Abuse Hides in the Dark. Turn on Your Light.

Mind Games: Use Them To Detach From Domestic Abuse

When I wondered how to detach from domestic abuse, basic training for the Army came to mind. I handled the mind games of the drill sergeants by detaching myself from them. I was ready for this because, going in, I knew that basic training was a mind game. I knew they were treating us a certain way for a reason – to break our spirit so we were easier to control and to embed the Army Way into our psyche.

The drill sergeants broke us down so we would all be the same soldier – predictable, reliable, controllable, etc.

Living in abuse takes a well thought out strategy. It's not good to be surprised and thrown off balance all the time.

In fact, I wanted to be The Same Soldier. I knew that to become the best that I could be (for the Army), I would have to break down and go along. But I didn’t want to lose my Self.

So, I separated myself from the soldier. I had to remove my heart and soul from the basic training situation, and allow them to brainwash me, with my consent, but only brainwash a portion of my thinking – the thinking that became the soldier.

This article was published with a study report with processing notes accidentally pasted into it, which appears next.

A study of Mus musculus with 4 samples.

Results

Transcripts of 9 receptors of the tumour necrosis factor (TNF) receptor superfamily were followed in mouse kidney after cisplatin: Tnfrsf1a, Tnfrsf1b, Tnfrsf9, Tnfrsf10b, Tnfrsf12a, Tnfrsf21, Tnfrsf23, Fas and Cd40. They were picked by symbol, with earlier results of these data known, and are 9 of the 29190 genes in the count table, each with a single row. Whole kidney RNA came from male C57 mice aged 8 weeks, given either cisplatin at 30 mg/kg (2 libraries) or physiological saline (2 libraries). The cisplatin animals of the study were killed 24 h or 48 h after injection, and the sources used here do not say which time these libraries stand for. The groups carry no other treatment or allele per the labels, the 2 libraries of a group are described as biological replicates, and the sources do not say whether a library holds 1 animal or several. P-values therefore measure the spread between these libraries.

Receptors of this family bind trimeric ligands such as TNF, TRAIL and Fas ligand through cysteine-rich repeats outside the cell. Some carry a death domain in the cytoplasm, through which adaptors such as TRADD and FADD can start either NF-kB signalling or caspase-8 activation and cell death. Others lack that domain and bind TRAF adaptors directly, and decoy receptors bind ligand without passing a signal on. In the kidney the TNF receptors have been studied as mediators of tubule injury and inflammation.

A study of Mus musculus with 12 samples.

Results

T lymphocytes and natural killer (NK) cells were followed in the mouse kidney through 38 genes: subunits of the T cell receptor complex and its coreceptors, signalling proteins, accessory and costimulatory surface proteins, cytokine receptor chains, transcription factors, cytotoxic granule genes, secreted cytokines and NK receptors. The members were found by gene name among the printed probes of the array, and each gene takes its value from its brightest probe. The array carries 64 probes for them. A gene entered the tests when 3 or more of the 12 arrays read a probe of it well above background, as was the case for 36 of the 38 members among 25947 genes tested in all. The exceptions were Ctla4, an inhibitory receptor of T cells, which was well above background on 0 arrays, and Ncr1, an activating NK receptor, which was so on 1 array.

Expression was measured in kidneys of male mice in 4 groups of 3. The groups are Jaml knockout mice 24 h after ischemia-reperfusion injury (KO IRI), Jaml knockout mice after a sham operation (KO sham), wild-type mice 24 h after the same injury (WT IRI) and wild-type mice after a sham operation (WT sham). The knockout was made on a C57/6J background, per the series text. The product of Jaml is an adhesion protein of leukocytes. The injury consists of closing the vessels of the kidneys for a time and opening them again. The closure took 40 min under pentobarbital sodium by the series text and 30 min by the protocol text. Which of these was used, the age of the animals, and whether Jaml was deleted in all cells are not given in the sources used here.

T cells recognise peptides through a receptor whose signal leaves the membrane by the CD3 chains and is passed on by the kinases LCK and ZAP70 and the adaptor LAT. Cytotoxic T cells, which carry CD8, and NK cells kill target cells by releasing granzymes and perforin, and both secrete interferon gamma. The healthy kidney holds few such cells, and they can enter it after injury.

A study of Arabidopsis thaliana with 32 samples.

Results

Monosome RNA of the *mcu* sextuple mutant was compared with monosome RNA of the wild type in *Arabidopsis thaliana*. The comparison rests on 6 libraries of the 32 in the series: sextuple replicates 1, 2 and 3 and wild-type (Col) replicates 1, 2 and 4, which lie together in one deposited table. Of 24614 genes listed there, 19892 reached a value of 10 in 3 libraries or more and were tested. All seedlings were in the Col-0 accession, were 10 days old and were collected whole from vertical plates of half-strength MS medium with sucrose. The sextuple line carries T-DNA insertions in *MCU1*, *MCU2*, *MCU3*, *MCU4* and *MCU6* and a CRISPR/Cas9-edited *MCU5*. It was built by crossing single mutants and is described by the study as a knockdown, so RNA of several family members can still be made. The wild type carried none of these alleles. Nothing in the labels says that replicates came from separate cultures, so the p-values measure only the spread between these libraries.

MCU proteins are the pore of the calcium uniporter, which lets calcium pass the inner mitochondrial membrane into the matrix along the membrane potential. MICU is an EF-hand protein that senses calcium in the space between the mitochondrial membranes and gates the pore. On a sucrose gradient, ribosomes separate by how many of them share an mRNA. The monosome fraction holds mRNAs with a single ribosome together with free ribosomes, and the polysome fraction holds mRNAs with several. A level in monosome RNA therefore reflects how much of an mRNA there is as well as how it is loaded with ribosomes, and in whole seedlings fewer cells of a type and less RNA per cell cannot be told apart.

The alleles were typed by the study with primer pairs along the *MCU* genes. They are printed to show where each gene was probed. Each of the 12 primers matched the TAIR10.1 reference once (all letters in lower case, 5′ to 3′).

To protect myself from emotional injury, I learned to remove myself from the reality surrounding me. Yes, we were rolling around in wet sawdust at 4:30 am with temperatures in the low 40s.

But from my place outside of myself, I was able to laugh at the situation. It was ridiculous. We looked like idiots for doing what those sergeants told us to do, and those yelling men looked like idiots making us do it.

The situation is similar with my husband. When I remove my spirit from the words/ideas he’s trying to embed into me, he can’t touch me. He can’t make me believe. He can’t upset me.

He’s already brainwashed a portion of my mind. A big portion. I’m taking my brain back. I will make it impossible for him to fool me again. I will use the ability to observe from outside of myself to detach from domestic abuse, too.

I’m floating around the room, watching him act like an idiot. I don’t give away that I’m not in my body – that I’m detached from the abuse. And the best part? He doesn’t even know I’m not there.